Hundreds of Hadassah members and supporters gathered at the Breman Museum on Sunday, Nov. 1, to launch a yearlong celebration of 100 years of the Zionist women’s organization in Atlanta.

With a slight struggle, centennial chair Phyllis Cohen (from left), Greater Atlanta Hadassah President Paula Zucker, National President Marcie Natan and exhibition chair Ruthanne Warnick cut the ribbon on Hadassah Atlanta’s centennial exhibit at the Breman Museum on Nov. 1. Joining the quartet in the middle are Southeastern Region President Toby Parker (left), Israeli Consul General Judith Varnai Shorer, Breman Executive Director Aaron Berger and exhibition display designer Dale Brubaker.

With a slight struggle, centennial chair Phyllis Cohen (from left), Greater Atlanta Hadassah President Paula Zucker, National President Marcie Natan and exhibition chair Ruthanne Warnick cut the ribbon on Hadassah Atlanta’s centennial exhibit at the Breman Museum on Nov. 1. Joining the quartet in the middle are Southeastern Region President Toby Parker (left), Israeli Consul General Judith Varnai Shorer, Breman Executive Director Aaron Berger and exhibition display designer Dale Brubaker.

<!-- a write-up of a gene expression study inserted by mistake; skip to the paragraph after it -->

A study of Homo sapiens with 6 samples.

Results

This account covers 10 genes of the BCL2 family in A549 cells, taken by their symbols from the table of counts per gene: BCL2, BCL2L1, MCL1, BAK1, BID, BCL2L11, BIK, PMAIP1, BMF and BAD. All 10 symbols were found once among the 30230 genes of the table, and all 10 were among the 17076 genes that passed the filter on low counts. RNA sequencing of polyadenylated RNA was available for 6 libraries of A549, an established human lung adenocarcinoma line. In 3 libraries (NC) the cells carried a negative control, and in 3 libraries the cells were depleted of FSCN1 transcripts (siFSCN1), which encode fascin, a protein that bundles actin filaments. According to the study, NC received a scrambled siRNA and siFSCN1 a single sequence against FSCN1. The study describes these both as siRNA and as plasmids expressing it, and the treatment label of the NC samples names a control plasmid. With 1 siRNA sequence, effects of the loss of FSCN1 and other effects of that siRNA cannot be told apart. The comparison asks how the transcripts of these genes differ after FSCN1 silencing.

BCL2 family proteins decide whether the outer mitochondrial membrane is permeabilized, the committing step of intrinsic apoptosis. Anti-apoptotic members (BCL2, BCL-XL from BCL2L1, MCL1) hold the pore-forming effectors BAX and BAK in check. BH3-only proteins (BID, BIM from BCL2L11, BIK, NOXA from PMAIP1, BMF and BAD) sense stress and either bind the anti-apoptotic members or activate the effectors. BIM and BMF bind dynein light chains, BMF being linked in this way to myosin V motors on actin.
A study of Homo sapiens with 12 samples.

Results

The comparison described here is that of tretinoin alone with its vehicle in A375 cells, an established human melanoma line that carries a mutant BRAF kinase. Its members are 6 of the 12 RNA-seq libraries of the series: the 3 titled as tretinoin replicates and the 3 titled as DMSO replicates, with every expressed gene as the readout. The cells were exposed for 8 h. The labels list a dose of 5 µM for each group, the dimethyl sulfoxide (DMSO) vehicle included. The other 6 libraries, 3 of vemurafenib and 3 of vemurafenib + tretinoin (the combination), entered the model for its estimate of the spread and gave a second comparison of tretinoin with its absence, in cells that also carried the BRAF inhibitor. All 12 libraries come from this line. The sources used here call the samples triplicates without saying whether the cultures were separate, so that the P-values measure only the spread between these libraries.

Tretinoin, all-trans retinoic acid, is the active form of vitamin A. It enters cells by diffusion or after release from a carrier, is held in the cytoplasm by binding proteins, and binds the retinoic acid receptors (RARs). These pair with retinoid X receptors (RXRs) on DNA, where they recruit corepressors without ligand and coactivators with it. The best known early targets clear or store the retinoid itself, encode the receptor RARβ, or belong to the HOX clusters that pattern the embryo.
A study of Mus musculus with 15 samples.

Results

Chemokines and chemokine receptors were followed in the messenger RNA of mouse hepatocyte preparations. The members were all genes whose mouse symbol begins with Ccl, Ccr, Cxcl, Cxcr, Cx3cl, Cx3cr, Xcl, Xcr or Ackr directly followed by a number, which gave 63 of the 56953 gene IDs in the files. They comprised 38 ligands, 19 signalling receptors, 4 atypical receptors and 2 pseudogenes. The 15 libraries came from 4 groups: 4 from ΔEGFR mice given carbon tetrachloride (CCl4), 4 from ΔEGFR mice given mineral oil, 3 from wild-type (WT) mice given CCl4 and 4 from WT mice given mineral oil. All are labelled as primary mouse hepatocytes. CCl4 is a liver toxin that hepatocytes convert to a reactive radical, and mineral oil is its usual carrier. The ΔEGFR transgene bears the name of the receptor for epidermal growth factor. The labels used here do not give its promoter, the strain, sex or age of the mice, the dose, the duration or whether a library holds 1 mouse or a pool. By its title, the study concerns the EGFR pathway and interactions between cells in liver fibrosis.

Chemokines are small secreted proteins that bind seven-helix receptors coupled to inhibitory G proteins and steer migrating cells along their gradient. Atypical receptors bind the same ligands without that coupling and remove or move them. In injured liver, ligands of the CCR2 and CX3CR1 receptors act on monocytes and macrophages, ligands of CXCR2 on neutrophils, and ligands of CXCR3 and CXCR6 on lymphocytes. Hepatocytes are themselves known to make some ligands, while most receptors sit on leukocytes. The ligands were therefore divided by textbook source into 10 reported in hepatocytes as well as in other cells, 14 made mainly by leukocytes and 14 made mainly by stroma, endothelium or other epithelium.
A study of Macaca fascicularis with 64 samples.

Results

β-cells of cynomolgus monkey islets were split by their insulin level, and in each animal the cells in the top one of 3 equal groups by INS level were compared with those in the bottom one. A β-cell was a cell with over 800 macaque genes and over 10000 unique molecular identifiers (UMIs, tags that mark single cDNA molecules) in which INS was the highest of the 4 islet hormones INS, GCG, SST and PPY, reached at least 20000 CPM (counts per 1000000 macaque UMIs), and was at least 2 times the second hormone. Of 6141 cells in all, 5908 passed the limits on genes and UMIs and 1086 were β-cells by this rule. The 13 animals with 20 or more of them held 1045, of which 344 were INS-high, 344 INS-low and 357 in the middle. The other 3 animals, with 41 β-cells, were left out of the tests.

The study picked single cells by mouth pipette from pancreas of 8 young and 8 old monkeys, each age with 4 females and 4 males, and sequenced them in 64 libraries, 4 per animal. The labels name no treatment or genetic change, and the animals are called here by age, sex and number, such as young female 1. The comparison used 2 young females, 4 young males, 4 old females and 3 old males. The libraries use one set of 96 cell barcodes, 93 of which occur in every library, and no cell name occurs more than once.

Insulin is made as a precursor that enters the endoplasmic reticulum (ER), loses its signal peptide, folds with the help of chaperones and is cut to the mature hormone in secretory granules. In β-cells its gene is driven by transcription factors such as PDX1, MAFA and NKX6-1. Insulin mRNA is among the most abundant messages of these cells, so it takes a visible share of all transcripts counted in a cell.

The opening of a compact exhibit highlighting the group’s first century of work came a day before the 99th anniversary of the first local meeting of 18 ladies. Today, Greater Atlanta Hadassah has more than 3,600 members and associates and is vibrant and growing, GAH President Paula Zucker said.

“We’ve come so far, so let’s celebrate,” Phyllis Cohen, who is chairing the centennial celebration, sang during a welcoming number.

Cohen read from the minutes of the first local Hadassah meeting (on display at the entrance to the exhibit) while wearing white gloves and a hat in the style of the founders, who referred to each other as “Mrs.” and within a year found themselves planning for 1917’s 20th anniversary of the First Zionist Congress, arranging High Holiday hospitality for Jewish soldiers and raising an annual total of $4.05 for clinics fighting trachoma in children in Palestine.

Trachoma then was the primary health concern for Hadassah, founded in 1912. Today, Hadassah National President Marcie Natan reminded the group, the Hadassah Medical Organization is leading research into macular degeneration causing blindness in the elderly, as well as doing groundbreaking work on ALS, multiple sclerosis, breast cancer and other diseases.

“We need your support as members, as donors, as partners,” Natan said, “because we’re making a difference for the Jewish people, and the name of Hadassah is written into the history of Palestine and the state of Israel.”

The Breman exhibit is scheduled to be open until March 6 and is accessible with normal admission to the museum. Centennial events over the next year will include the national Hadassah convention July 25 to 28 in Atlanta and a gala celebration next October.